January 4, 1916 – Paralysed soldier dies on Christmas Day


A desperately sad story dominates the Market Harborough Advertiser’s first edition of 1916 with news that a town soldier wounded in action had died on Christmas Day.

Private Thomas Chapman of 10 Orchard Street had been paralysed since December 3 when he was shot in the spine.

The story is made even more poignant as the Advertiser describes how Private Chapman’s wife and 18-year-old son had been able to visit him in a French hospital.

“They found him paralysed but very cheerful and comfortable but in no pain,” says the story. “However, he gradually grew weaker and died on December 25 and was buried in France.”

The editor’s report continues: “The greatest sympathy will be felt for Mrs Chapman and her four children in their loss of so gallant a husband and father who died for his King and country.”

It is not the only pain suffered by Mrs Chapman. “Her brother, who came over with the first Canadian Contingent, being killed in action in May, and while in France she was able to visit his last resting place.”

Private Chapman was ‘well known and greatly respected in the town and district’, and was for over 20 years employed as a corset presser at Messrs R and W H Symington and Co’s factory. He was also a member of the town’s Society of Anglers and was remembered at a meeting of the club held in the Cherry tree Hotel.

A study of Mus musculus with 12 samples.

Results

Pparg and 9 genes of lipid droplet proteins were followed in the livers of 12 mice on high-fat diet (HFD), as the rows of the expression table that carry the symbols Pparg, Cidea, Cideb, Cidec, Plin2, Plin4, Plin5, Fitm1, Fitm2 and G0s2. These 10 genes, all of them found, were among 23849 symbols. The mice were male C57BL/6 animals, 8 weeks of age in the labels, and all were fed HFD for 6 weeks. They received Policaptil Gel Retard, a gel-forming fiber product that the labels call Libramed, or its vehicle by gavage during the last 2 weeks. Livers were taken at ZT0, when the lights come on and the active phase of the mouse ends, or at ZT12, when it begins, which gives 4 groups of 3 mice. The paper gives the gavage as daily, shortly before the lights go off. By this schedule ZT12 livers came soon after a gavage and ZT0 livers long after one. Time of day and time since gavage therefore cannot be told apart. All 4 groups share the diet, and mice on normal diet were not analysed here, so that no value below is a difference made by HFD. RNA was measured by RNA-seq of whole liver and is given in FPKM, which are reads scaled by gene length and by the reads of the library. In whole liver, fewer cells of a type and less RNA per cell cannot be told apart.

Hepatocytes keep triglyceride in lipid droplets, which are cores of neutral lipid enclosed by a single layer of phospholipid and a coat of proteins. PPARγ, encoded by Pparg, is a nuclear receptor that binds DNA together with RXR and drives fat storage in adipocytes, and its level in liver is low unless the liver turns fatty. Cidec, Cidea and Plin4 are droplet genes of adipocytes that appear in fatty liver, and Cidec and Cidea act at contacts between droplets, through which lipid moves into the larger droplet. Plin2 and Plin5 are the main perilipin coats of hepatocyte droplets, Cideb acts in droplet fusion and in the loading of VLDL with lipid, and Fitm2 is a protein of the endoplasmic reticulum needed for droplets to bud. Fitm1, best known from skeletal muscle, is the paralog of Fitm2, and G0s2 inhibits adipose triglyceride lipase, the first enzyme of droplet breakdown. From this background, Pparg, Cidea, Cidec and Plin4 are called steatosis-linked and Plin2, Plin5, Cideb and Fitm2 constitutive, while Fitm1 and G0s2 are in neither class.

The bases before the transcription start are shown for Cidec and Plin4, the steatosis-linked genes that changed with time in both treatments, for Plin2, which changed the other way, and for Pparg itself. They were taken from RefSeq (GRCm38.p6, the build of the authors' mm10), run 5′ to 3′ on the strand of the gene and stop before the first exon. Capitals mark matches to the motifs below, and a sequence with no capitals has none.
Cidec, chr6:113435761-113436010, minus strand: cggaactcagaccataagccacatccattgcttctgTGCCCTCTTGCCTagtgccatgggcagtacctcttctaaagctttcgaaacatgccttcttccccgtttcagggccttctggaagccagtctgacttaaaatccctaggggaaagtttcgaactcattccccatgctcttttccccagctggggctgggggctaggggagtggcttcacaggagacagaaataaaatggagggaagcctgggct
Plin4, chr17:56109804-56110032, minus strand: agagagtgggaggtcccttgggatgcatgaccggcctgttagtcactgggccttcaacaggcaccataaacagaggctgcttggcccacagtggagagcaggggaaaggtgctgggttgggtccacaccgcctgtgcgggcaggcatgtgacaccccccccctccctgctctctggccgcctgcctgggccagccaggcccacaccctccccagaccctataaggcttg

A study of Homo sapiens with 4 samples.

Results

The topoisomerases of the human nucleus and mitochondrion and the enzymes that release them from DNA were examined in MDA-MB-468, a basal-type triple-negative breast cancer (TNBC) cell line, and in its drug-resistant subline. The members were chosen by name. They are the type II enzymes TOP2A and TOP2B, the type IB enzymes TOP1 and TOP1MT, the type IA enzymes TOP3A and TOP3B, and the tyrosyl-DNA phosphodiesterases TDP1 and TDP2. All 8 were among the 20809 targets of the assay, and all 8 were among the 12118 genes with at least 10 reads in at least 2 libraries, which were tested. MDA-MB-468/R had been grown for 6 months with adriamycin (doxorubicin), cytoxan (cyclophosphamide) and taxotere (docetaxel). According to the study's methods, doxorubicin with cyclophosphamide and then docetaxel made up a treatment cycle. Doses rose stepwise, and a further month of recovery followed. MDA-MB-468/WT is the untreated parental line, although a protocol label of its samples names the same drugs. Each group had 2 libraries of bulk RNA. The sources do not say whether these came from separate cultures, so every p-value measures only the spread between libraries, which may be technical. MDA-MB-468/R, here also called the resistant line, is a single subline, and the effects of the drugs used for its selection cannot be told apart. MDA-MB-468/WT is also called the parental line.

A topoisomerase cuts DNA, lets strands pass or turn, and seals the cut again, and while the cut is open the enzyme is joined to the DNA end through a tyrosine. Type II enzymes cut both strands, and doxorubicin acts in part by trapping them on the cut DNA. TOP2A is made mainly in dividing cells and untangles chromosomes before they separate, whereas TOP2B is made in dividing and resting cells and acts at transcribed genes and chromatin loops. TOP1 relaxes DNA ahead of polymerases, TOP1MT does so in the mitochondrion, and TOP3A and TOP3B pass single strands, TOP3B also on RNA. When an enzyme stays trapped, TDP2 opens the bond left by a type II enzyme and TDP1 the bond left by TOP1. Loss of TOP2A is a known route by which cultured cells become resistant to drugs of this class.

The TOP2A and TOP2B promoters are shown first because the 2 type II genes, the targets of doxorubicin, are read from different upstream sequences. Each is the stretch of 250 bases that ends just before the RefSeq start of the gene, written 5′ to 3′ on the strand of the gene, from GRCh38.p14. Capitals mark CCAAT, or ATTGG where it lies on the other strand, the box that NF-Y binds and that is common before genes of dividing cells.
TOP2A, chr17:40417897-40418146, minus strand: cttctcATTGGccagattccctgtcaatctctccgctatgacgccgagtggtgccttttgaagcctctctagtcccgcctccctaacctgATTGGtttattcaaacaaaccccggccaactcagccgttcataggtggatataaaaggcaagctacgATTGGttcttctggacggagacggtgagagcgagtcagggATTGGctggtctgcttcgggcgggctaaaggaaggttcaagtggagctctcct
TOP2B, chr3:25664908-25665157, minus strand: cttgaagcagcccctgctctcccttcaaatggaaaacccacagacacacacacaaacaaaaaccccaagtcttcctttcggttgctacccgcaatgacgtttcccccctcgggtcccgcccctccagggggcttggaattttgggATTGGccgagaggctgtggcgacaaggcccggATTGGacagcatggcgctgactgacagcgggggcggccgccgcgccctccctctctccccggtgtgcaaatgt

The story says: “With the passing of the Old Year it is fitting that we should pay a tribute to the memory of those who 12 months ago were with us, but who now lie in soldiers’ graves awaiting the last Roll Call.

“That the ruthless toll has been heavy the following list of our brave fallen heroes shows.

“We reverence with pride, for they have given their lives for their King and country and for us, and believing, as we do, in the righteousness of our cause, we feel their sacrifice will not be in vain.”

  • Check out this week’s Harborough Mail for current news from the Market Harborough area.
  • My fellow researcher and De Montfort University colleague David Penman is conducting a similar real-time project with the Ashbourne Telegraph. Check out his Great War Reports.